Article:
Monday, December 29, 2008

Victorian art made by a Victorian girl

This is the second in a series of six collages  I own that a little girl made in the mid to late 1800s. 

I'm not sure exactly when they were made but not earlier than 1853 (because of the date on the maps from a geography book or atlas that were used as the backing pieces).

This is the map on the back of this particular piece. Click on the image if you want to see it in more detail.

Based on what the woman is wearing, she's probably from the 1870s. If she was wearing something from the 1850s, it would have been a hoop skirt sticking out equally from all sides. In the 1870s, skirts got flatter in the front and fuller in the back because of the use of bustles. 

I'm mystified how women did anything in hoop skirts. No wonder they had to have servants to raise the children, clean the house...basically have other people do absolutely everything for them, including getting dressed. I don't even know how they sat down or what happened if they got caught in a wind gust. If you had to spend your day in a hoop skirt, would you see anyone under the age of five if they were in the same room with you? This kid is on good behavior because her mom can actually see her and if she wanted to, she could actually reach out and touch her. Hoop skirts are just bizarre, not that bustles aren't too.

The Sears-Roebuck catalog became available in 1894 but I'm not sure if these little black and white cutouts are from that or something else (perhaps a newspaper?). That's something I still have to research.

But until I figure out exactly when these collages were created, it's still fun to look at the details. This cornice of pleated paper is impressive. It must have been pretty when it was first made because the blue paper that was used is very thick and heavily pigmented with a mat blue.

The bed pillows are "embroidered" with the initials "M" and "F." 

This little compote (or calling card receiver?) on the blue table may or may not have come from a Sears-Roebuck catalog. If it did, that would date these collages to almost the end of the 19th century. I just have a feeling they were made earlier than that, based on the fashions alone. By the time I get to the sixth collage in this collection, I hope to have them dated with a time period I'm confident is close to accurate. :-)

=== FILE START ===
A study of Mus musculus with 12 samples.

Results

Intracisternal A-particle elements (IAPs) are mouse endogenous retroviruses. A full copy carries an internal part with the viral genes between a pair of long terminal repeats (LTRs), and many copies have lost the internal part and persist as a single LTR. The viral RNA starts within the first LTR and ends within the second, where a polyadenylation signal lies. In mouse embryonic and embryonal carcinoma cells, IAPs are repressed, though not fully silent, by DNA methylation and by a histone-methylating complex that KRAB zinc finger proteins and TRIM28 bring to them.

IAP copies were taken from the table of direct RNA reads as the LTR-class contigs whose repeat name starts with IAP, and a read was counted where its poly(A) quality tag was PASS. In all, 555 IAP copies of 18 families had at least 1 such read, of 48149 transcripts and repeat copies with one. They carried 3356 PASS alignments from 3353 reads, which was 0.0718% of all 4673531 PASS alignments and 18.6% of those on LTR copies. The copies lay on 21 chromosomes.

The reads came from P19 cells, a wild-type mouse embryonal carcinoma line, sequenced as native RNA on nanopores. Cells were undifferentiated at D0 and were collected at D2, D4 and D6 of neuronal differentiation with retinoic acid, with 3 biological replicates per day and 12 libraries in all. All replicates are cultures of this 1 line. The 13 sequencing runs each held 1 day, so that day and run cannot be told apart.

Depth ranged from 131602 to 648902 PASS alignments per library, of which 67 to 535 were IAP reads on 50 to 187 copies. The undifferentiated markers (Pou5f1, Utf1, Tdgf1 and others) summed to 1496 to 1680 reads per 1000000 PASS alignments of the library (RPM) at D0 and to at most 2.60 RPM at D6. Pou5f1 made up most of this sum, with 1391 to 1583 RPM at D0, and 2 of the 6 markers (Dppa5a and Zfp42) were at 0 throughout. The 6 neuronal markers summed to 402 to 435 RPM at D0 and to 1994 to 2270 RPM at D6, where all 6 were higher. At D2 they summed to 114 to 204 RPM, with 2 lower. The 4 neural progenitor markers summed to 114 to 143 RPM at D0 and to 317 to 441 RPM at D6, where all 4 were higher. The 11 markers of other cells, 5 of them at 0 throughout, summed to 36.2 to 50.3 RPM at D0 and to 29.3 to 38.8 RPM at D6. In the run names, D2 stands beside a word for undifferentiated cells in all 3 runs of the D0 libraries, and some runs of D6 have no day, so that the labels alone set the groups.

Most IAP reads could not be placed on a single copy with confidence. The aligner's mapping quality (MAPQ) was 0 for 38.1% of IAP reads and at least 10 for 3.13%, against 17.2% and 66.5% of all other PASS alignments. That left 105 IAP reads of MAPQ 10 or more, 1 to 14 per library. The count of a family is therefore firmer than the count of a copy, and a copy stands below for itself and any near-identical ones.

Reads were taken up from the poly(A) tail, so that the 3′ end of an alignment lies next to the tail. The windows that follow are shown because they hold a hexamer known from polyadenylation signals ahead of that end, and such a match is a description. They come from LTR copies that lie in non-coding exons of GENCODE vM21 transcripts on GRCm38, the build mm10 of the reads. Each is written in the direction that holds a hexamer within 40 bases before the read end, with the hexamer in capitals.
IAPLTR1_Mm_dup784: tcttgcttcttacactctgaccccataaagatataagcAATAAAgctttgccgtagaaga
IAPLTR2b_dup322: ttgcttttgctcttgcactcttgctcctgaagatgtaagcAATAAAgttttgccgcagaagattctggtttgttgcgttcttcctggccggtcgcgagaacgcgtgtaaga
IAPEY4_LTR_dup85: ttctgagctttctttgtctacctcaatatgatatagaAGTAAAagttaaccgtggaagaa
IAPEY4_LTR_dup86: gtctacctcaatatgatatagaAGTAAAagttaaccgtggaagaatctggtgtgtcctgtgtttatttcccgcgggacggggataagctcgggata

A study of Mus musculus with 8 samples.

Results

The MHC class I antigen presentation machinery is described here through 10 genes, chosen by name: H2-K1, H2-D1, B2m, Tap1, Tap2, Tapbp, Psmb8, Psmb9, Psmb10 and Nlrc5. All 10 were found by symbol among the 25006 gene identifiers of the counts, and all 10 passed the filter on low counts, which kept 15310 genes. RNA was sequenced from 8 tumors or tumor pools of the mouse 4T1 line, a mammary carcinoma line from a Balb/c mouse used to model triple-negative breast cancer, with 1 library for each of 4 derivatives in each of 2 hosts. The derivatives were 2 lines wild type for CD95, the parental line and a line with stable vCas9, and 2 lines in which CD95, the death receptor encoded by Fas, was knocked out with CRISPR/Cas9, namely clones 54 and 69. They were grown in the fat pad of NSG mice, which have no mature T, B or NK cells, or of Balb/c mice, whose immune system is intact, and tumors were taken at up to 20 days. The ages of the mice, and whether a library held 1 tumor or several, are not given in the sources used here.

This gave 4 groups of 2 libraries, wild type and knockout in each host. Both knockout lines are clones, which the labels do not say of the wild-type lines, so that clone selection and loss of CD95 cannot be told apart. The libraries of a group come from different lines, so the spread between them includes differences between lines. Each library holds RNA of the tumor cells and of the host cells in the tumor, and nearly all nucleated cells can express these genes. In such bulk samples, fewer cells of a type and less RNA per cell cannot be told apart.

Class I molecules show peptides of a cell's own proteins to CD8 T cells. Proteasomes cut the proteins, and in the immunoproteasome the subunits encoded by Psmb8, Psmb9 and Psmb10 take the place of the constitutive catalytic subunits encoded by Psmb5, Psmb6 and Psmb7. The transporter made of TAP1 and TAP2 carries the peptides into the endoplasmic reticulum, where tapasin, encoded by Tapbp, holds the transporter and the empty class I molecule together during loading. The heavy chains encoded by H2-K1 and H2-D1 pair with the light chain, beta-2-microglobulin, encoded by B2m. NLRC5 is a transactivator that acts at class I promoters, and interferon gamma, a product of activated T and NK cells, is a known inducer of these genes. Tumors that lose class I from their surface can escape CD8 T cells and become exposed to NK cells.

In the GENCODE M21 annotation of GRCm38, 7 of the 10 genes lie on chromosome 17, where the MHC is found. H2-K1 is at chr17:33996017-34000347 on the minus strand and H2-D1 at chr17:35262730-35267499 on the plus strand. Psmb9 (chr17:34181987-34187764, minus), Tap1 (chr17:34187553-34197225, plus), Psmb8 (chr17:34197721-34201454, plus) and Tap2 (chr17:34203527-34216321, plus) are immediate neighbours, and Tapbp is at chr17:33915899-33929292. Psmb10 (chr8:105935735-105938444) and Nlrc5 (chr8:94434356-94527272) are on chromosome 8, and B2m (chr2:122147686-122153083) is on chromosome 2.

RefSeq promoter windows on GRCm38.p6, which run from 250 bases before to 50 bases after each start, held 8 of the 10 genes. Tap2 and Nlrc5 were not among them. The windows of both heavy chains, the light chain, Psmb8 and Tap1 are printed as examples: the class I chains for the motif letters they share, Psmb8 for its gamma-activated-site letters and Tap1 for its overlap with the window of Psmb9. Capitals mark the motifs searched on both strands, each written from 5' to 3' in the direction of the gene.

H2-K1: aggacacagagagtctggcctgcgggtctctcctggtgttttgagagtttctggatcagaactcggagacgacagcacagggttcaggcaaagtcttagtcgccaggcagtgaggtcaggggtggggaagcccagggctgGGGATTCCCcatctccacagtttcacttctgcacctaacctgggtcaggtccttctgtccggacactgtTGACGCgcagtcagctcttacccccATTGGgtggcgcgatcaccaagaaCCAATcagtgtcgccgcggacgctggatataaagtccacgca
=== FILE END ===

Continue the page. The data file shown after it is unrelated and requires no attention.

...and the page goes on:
Click on the images if you want to see them bigger. There's a lot of detail in these collages but unfortunately I lost some of it when scanning because of the multiple thicknesses of paper. :-/


Country Girl said...

Oh, these are such a treasure trove of intricate details, Maria! Thanks for sharing all this cool stuff with us.

Mental P Mama said...

How beautiful...I love learning these things. I wore a hoop skirt at a costume party once. It darn near killed me.

shara said...

Hoop skirt- yucky!!! Well, Scarlet O'Hara made it look easy, but still...

I love all the info on your treasures!

Maria said...

Mental-You.....are........KIDDING. How many other people did you almost kill with that outfit????

Kate-you are welcome. I love digging out this stuff and spending some time trying to figure it out via blogging and the internet. I have learned so many interesting things about the stuff I've collected since starting this blog!

Shara-Thank you for your comment. But "yucky?" Ha ha ha. That's one word I hadn't thought of using to describe a hoop skirt but then there are probably an endless amount of words TO describe them, not all listed in the dictionary. I have NO idea why but I keep writing about hoop skirts. Just one of the most ridiculous fashions invented.